Compelling dances result from simple, rare ingredients: fantastic dancers with bone-deep training baring their souls, and choreographers with dangerous love in every pattern, pairing, and pirouette. Add earthshakingly beautiful lighting, audacious or adorable sound scores, and costumes springing organically from the choreographer’s greatest aspirations — and, well, you might have a masterpiece.
Two of the works on HSDC’s docket rose close to attaining such majesty: Alejandro Cerrudo’s stunning Little Mortal Jump and King’s ambitious Azimuth.
Cerrudo is HSDC’s resident choreographer. He joined the company as a dancer in 2005. Little Mortal Jump is the tenth work he has made for the company. The connections were everything: having stretched, sweated and likely, sworn, with his contemporaries, his movements fit the dancers tighter than tights.
Branimira Ivanova’s grey-toned costuming didn’t drain Kevin Shannon’s articulations of their color—if anything, it amplified them—as he raced through the theater, leapt onstage, tossed off a remarkable physical proclamation, and high-dived into the orchestra pit. Kicking up a cloud of dust from behind Cerrudo’s shrewdly-used big-block set design, Jessica Tong’s spidery machinations added to the opening brilliance. And this is only two minutes into the ballet! Cerrudo seemed to promise.
Soon the rolling, black wooden structures became not only obstacles and opportunities, they became dancers. And the more they remained solidly stolid, the more it seemed, the (human) dancers unravelled. Using every element with economy, Cerrudo was a master of editing as much as dance-making.
After watching contemporary dance for 30 years, it’s blissful to be surprised: to recognize new possibilities for how a head can bear weight, to giggle with delight at a perch or position, to understand and see, as if for the first time, the negative space between a torso and an arm.
In the ballet’s most expansive, climactic moments, Jesse Bechard and Ana Lopez, rolling into each other’s most intimate crevasses while elasticizing towards an amber light, vanished in a madcap of spinning boxes.
Cerrudo left behind an empty spotlight, but Little Mortal Jump’s afterglow was unforgettably sweet and infinitely memorable.
Azimuth began with Courtney Henry (impossibly long, mesmerizing legs never detracting from her regal, expressive torso) framed by the combined forces of HSDC and King’s spiritual, full-tilt dance artists.
Collaboration was everywhere; from dancers costumed like sand bodies by constructionists Joan Raymond and Rebecca Shouse to Ben Juodvalkis’s original music. King’s customary, eclectic picks (including a gorgeous harp, Hebrew vocals, and more) combined to form an atmospheric soundscape.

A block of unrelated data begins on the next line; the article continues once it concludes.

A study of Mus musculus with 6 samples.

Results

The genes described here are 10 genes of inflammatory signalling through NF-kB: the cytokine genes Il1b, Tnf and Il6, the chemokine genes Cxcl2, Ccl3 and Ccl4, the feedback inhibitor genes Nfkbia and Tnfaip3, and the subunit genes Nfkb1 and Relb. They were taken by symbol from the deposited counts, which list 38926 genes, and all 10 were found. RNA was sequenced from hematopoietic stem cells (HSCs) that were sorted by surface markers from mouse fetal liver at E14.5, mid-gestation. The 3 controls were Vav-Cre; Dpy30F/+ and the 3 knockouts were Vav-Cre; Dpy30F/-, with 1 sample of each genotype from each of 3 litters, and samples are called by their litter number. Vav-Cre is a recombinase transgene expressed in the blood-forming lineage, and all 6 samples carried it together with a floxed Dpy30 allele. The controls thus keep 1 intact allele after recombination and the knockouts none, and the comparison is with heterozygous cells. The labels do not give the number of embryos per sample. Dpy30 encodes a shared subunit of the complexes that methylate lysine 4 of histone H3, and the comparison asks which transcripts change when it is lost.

The nine-section ballet brought to mind a physical pilgrimage; anthropological in its suggestion of heavenly bodies and an evolutionary culture. An actual azimuth defines an angle in a sphere, but this Azimuth described rituals, icons, and a community where the “co-dependent” label was complimentary.
King, a choreographer at the top of his game, was given credit for finding the two company’s commonalities by HSDC Artistic Director Glenn Edgerton in a brief, pre-show interview.
Praise be for that — and for his seeing beyond surface separations. Underpinning all, were deftly delivered all-male sections, where ragged formations belligerently co-existed with bullet-piercing solos. And all-female counterparts where formal lines and symmetry reigned, until one woman dared “break rank,” causing all the other women to flee.
Kellie Epperheimer became an inverted chalice in the hands of four male partners; then mounted their curving backs, turning them in to human boulders. It’s a riff from Balanchine, but a novelty in the agile hands of King.
Alice Klock and Kevin Shannon thrashed in a victory of spiraling lifts and Johnny McMillan was gigantic in the depth and height of his dancing. Keelan Whitmore’s brief solo managed wisdom and wildness in mere seconds.
By the time Meredith Webster stated and allowed to dissolve every physical possibility of her incredible human body, we were hooked, if not embedded.
In Too Beaucoup, choreographers Sharon Eyal and Gaï Behar took their contemporary Israeli dance heritage and attempted to build a mountain. There’s craft in the dancers not touching each other until the final moments, when four couples lock and sway in a 1970s-type slow dance. Unfortunately, the dance never crested its own peak, despite exhaustingly long drives.
If Too Beaucoup’s impact was further lessened by following the power and profundity of it’s predecessors, it was through no fault of the dancers. Clad as if dipped in white chocolate, their dehumanizing unitards and rigid, meme-like movements marched in lockstep. As in the preceding ballets, they expressed their collective genius; this time in funky struts, Frankensteinian same-arm-as-leg strides and undulating solos that retrograded and degraded before imploding in bursting flames of moving limbs.